October 23, 2013
Are you spread too thin? The danger of overcommitment
Part of the problem with overcommitment is that instead of doing one or two things very well, you end up doing half a dozen things badly or in a mediocre fashion, at best.
Recently, I've seen several examples of overcommitment in action. In these cases, people overextended themselves in their time commitments, both personally and professionally.
A few weeks ago, while I was conducting interviews for a high-level role, the key decision-maker canceled on an interview loop at the last minute. It was the second time that had happened for the same role, but, fortunately, with different candidates.
Then, a chapter of a nonprofit for which I volunteer had to shut its doors because the officers were too busy doing other things. Events they agreed to undertake were poorly attended because they weren't well planned or advertised.
I often see signs of overcommitment on resumes, too. Candidates sometimes include their interests, professional affiliations, volunteer and civic projects along with their professional work experience. The truth is, one or two things can create a well-rounded profile. But if you have too many different activities concurrently, it can give the impression that you tend to overcommit and be a "yes" person -- a signal of poor boundaries.
College students may try to cram a ton of activities into their spare time and on their resumes, but if I see five extracurricular activities, I'm going to wonder how you could possibly manage your workload and prioritize study time effectively.
It isn't just about too many activities; it's also the type of activities. I'd rather see that you play one musical instrument or sport and belong to one professional organization than that you have 10 volunteer activities and 17 hobbies. That's a sign of self-discipline and a well-rounded personality.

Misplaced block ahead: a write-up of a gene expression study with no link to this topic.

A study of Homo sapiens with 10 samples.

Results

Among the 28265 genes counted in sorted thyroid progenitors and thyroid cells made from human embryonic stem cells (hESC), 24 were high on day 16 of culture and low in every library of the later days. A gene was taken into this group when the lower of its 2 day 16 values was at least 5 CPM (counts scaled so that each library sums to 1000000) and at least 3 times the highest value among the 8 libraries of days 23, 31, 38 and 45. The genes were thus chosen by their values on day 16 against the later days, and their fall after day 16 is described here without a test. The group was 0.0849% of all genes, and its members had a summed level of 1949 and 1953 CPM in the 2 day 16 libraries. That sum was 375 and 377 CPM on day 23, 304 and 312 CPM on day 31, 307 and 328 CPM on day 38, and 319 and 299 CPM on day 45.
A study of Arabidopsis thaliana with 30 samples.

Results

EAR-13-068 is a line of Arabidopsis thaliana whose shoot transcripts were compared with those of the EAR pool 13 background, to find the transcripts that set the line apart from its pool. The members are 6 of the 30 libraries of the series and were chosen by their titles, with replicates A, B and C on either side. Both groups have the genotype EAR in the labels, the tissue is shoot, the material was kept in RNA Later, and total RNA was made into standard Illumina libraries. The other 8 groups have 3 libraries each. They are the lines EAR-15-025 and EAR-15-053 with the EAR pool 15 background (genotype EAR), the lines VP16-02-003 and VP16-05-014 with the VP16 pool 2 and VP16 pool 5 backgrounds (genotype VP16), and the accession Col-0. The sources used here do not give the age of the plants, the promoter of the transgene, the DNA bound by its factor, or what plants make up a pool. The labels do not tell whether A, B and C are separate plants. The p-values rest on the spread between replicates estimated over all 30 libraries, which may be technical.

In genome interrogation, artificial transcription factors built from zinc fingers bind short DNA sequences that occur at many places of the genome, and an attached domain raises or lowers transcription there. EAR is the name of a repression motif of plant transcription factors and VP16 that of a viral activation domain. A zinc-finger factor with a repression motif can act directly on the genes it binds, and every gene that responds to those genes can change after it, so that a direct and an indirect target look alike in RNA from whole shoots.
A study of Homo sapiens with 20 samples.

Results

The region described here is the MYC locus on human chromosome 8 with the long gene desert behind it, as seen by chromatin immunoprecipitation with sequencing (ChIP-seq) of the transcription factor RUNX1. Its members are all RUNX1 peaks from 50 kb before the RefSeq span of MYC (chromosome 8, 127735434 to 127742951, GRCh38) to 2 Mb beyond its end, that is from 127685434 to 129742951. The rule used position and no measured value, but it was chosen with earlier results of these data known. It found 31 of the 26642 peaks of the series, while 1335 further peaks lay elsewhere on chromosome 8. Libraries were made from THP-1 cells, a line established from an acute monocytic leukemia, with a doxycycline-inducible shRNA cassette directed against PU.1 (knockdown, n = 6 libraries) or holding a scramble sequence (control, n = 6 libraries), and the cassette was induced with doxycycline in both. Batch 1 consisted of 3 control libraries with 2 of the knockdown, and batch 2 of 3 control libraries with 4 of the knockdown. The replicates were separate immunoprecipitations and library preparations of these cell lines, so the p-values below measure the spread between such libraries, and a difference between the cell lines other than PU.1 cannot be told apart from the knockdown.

Research on the effects of multitasking backs up this theory. Clifford Nass, a Stanford professor, published a research paper on the effects of multitasking; his findings show that heavy multitaskers suffer from their efforts, including the very real possibility that it kills creativity.
Ohio State University assistant professor Zheng Wang's research went a step further and showed that "media multitasking" gives illusory feelings about feeling productive.
Before you list your umpteen commitments, activities, hobbies and interests on your LinkedIn profile and your resume, think about what is truly important to share. Highlight things that promote you professionally and show that you are able to complete projects on time, manage resources, prioritize effectively and finish what you start.
Karen Burns is the author of The Amazing Adventures of Working Girl, a career guide based on her 59 jobs over 40 years in 22 cities.
Kristen Fife is a senior recruiter, career mentor, blogger and resume consultant based in the Seattle area.
Lisa Quast is a certified career coach, mentor, business consultant, former corporate executive and author based in the Seattle area.
Randy Woods writes about job-search tools, networking techniques and other tips to help you land your dream job.
Matt Youngquist is the president of Career Horizons, a career counseling firm.
Natalie Singer is a Seattle writer, editor and small-business owner.
Michelle Goodman is the author of "My So-Called Freelance Life" and "The Anti 9-to-5 Guide."